How to Designate Beneficiaries for Your Personal Property

Your will includes a detailed explanation of how you’d like to distribute your financial assets to your beneficiaries. However, it may not include an explanation of how you’d like to distribute personal items that you own.

Who will inherit those heirloom pearl earrings that your grandmother passed down to you? And who will receive your signed first edition copy of war and peace? When it comes to your personal property, it can be even more important to designate your beneficiaries than it is to designate beneficiaries for your financial assets. So, how do you ensure that your belongings end up in the right hands? Here’s what you can do.

Designate a Trustee or Executor

You can place your tangible possessions in a trust, and communicate your intentions with a trustee, or you can designate a personal representative (or “executor”) to handle your estate. You should choose a person you trust will follow your instructions when it comes time to distribute your assets.

Supplement Your Will With a Personal Property Memorandum

While personal property memoranda aren’t legally binding in the state of New York (although personal property memoranda are legally binding in New Jersey and other states), they can serve as a guideline for your trustee or executor. Create a personal property memorandum that outlines items to be dispersed, as well as the beneficiaries who will receive those items. It’s important to be detailed and clear with your personal property memorandum to ensure that everything goes as planned. If, for instance, you have a jewelry collection that you’re dividing up among several beneficiaries, it’s helpful to provide a detailed description of each item to ensure that there’s no confusion when the personal property memorandum is read on your behalf. These memoranda are usually relatively straightforward, and they include items to be dispersed, listed alongside their beneficiaries.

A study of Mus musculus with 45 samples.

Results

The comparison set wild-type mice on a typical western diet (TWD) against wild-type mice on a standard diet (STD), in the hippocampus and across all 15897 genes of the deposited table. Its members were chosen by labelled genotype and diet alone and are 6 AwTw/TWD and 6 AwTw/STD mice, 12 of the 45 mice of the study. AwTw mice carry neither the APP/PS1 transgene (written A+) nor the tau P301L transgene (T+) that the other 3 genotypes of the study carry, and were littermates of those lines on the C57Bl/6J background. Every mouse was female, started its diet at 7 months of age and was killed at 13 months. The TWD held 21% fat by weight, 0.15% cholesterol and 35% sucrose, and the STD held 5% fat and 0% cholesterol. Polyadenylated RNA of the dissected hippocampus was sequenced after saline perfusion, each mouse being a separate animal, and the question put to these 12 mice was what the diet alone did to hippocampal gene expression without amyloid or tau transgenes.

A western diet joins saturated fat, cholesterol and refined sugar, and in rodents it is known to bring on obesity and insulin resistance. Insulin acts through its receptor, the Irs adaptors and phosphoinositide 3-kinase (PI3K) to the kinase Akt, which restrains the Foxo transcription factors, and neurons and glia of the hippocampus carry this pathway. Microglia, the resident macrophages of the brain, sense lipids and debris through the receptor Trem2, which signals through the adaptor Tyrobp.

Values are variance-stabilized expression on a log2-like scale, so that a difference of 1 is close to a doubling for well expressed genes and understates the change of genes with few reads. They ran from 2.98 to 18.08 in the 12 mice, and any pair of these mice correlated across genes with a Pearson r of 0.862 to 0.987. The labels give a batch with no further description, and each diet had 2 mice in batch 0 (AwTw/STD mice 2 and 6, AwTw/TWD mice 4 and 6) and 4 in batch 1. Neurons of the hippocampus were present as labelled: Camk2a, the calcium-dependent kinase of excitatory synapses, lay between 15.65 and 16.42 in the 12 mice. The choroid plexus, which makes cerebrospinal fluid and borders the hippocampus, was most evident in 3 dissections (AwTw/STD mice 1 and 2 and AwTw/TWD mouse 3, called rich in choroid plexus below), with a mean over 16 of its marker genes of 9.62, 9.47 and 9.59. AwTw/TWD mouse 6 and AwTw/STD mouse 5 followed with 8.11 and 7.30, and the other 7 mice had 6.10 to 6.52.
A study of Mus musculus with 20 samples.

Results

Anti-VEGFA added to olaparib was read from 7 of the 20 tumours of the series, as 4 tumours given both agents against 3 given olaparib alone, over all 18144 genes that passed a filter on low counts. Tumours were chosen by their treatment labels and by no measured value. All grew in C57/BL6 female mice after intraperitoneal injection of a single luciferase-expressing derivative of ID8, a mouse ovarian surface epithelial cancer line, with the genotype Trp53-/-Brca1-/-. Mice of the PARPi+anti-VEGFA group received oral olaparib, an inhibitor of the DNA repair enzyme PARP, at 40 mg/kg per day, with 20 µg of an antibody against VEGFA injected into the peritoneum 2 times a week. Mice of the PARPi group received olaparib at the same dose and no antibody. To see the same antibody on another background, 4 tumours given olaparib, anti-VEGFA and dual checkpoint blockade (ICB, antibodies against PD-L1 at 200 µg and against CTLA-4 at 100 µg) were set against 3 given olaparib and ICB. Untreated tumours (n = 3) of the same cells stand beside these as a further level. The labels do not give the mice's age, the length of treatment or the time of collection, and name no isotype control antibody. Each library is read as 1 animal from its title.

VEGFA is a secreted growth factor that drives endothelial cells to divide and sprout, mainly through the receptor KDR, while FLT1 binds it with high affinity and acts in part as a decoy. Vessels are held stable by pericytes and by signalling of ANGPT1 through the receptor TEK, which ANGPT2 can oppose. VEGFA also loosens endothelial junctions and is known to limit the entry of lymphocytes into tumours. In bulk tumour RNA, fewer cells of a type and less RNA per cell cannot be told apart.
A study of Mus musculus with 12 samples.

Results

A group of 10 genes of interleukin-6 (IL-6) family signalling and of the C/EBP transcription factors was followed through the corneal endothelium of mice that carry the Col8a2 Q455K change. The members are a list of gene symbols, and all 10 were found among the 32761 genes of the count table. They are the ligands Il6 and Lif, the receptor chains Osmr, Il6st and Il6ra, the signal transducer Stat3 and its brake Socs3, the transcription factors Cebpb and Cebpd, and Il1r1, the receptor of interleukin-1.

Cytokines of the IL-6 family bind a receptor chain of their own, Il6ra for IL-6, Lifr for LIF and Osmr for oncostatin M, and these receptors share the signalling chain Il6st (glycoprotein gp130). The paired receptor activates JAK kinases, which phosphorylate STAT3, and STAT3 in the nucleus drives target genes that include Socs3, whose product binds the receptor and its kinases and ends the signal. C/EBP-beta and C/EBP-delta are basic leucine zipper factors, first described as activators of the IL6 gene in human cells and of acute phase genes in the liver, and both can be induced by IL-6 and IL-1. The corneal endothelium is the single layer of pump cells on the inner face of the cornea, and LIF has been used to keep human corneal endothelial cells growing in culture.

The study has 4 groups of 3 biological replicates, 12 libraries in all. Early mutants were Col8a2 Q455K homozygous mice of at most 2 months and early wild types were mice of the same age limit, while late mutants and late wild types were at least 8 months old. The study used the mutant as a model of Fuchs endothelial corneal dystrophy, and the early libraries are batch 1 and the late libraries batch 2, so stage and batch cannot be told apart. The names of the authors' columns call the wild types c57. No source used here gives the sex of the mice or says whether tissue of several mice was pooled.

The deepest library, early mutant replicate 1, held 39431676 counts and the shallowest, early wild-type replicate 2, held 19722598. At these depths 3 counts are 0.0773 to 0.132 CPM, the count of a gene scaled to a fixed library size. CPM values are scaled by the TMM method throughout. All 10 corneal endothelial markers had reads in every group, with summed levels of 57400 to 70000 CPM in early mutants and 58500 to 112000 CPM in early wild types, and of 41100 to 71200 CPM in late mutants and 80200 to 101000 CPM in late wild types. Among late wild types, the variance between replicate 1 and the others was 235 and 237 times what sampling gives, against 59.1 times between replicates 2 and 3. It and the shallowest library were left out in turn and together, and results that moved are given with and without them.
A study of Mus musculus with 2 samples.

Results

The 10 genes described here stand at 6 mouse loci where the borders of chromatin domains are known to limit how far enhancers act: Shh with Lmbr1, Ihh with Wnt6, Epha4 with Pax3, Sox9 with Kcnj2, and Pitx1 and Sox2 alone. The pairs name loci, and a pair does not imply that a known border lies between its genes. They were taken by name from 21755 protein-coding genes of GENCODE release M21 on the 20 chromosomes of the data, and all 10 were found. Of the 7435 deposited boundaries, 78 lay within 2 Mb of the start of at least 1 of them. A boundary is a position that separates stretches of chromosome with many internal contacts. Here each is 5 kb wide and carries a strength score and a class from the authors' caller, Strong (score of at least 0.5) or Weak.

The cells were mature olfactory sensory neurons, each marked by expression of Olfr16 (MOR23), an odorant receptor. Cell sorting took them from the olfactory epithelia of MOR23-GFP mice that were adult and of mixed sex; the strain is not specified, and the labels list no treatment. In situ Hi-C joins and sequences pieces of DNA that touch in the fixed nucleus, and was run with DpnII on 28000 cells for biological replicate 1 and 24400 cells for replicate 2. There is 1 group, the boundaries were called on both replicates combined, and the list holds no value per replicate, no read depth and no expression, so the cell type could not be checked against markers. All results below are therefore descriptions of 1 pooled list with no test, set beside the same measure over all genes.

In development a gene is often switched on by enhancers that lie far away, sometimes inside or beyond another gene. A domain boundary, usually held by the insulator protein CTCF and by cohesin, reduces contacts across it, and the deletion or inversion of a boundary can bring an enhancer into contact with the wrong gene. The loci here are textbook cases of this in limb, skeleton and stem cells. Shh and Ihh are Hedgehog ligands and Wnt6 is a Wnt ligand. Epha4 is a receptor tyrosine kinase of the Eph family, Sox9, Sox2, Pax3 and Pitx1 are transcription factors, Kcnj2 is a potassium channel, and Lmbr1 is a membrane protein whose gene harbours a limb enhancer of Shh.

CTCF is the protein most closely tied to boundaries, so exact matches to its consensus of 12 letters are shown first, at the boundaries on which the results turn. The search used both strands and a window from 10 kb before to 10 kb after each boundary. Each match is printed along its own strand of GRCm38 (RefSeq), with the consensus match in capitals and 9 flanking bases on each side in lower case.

Again, personal property memoranda are not legally binding in certain states, and they can only be included as a supplement to your will. Distributing your tangible possessions will still fall upon your executor or a trustee.

Assign Beneficiaries for Your Tangible Personal Property

It can be difficult to decide who shall receive your personal property, but it is an important step to ensure that your property finds its way to your designated beneficiaries. Once you have a document prepared, it’s time to assign beneficiaries for your tangible personal property. Tangible personal property refers to possessions that you can actually touch; these possessions usually hold sentimental and/or financial value. You can place your tangible personal property in a trust to ensure that they are transferred to the appropriate beneficiaries upon your passing. You can even place tangible personal property in a revocable trust if you’re liable to change the trust beneficiaries.

Count on Katz Law Firm

Estate planning is confusing. Fortunately, you can count on Katz Law Firm to make your estate plan simple, straightforward, and understandable. If you’re curious about our estate planning services, don’t hesitate to give us a call. You can also schedule a consultation right here online.